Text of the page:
Sunday, March 27, 2005
Restoring the Sun (Cleveland Play House)
‘RESTORING THE SUN’ in world premiere at CPH
On March 23, 1989, Stanley Pons and Martin Fleischmann announced their discovery of "cold fusion." It was the most heavily hyped science story of the decade, but the awed excitement quickly evaporated amid accusations of fraud and lack of a provable scientific process. When it was over, Pons and Fleischmann were humiliated, their reputations ruined, and they dropped out of sight. "Cold fusion" and "hoax" became synonymous.
Despite the scandal, laboratories in at least eight countries are still spending millions on cold fusion research. This work has yielded a huge body of evidence, which has remained virtually unknown because most academic journals adamantly refuse to publish papers on the subject. According to many scientists, cold fusion, the process that would eliminate the world’s dependence on oil and other fossil fuels for energy, remains a colossal conspiracy of denial.
Playwright Joe Sutton seized upon the Pons/Fleischmann/Cold Fusion story and has developed it into a play which is receiving its world premiere at the Cleveland Play House. The script, which was featured in last season’s “Next Stage Festival of New Plays,” was originally commissioned and developed by The Ensemble Studio Theatre/Alfred P. Sloan Foundation Science and Technology Project.
The subject is fascinating, the play is not. That is not to say audiences will be bored. They won’t. The subject matter insures that the viewer is going to be interested. It is just that the script needs work, especially when comparing it to ‘COPENHAGEN,’ another story of scientists which is tightly written and lends itself to a strong performance, such as that at Actors’ Summit last season.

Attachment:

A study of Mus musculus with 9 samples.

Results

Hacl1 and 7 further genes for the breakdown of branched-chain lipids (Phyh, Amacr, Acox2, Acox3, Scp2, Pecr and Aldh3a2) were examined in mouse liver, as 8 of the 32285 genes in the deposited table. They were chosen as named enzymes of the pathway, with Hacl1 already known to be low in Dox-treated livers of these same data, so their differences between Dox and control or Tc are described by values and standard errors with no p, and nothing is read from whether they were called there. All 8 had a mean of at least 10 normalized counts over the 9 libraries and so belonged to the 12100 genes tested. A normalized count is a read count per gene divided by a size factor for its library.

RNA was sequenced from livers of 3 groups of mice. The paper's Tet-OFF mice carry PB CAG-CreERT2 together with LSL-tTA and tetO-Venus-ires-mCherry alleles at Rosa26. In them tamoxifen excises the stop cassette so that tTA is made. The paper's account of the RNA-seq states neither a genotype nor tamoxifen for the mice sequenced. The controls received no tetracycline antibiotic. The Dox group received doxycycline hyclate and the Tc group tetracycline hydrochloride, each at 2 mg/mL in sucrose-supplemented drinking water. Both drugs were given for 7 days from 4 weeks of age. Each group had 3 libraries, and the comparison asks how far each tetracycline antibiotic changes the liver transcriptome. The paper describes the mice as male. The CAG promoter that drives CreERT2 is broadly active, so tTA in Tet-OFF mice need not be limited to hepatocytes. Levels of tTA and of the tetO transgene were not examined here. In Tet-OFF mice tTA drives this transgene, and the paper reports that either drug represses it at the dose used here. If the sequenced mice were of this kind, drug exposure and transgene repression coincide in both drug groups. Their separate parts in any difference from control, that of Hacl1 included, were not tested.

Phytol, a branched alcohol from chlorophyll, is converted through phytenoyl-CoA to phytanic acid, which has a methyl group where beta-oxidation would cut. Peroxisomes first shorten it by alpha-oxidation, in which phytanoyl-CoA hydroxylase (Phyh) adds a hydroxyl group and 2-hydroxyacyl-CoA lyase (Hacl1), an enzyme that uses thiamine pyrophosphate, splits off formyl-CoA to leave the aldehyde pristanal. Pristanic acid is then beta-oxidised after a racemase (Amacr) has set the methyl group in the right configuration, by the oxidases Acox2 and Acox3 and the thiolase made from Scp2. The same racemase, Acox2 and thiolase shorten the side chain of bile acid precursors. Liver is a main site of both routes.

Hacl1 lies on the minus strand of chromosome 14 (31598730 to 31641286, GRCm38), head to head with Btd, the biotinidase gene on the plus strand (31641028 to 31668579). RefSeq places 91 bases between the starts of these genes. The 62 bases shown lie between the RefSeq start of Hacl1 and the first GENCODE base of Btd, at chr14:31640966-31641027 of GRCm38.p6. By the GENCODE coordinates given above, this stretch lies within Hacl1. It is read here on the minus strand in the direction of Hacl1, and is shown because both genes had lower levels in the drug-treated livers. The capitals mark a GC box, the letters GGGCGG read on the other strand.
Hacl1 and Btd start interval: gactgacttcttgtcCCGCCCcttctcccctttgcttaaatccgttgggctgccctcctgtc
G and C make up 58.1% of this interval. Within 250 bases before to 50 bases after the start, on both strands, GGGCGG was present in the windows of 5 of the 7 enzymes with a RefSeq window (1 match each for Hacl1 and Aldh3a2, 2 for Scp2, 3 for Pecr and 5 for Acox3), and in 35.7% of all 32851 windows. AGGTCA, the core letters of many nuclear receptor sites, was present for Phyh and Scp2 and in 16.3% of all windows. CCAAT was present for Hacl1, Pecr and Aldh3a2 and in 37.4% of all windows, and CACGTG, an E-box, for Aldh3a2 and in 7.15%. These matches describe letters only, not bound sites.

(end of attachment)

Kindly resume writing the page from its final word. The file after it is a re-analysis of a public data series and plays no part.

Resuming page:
The play’s dialogue is often forced and unnatural. In some cases, language is manipulated rather than being natural. For example, characters explain what they have just experienced to other characters who have also had the same experience. Also, in most plays we quickly learn the necessary character names and information about the situation. Not in this script. The exposition wanders throughout the entire first act. In addition, some of the staging devices are forced. People step in and out of scenes with no motivation, appearing in doorways for no reason, inserting themselves into conversations with no incentive.
Director Connie Grappo doesn’t help matters by pacing the production slowly . She also seems to have failed to probe deeply into character motivations with her cast.
Joseph Adams, who plays Professor Stevens, lacks cunning. Here is an unknown academician who hooks his star to an old, but respected scientific researcher in order to gain notoriety, but seems relaxed and unscrupulous throughout. Daniel Cantor, who portrays a public relations opportunist, stays on the surface, not revealing his underlying motivations. Keira Naughton, who portrays a journalist who is suspicious of the process, underplays the role to the degree that one wonders about her incentive. Stephen Bradbury is unconvincing as the University President who encourages the work of the two scientists. Only Geddeth Smith, as the old scientist who wants so much to make real his “pet theory,” is totally believable.
This is not to say the performances are bad, they aren’t. They just lack texturing and the nuances necessary to portray real people with real agendas. Part of this is caused by the script, part of it is the directing.
Side note: As has happened with most of the productions in the poorly conceived Baxter Theatre, ‘RESTORING THE SUN’ isn’t aided by the configuration. It can only be hoped that new CPH Artistic Director Michael Bloom will recognize the folly of the space and not use it in the future.
CAPSULE JUDGMENT: The Cleveland Play House should be applauded for producing a new play. It should also be applauded for presenting a vehicle which probes a fascinating topic. Unfortunately, neither the script nor the production live up to their potential.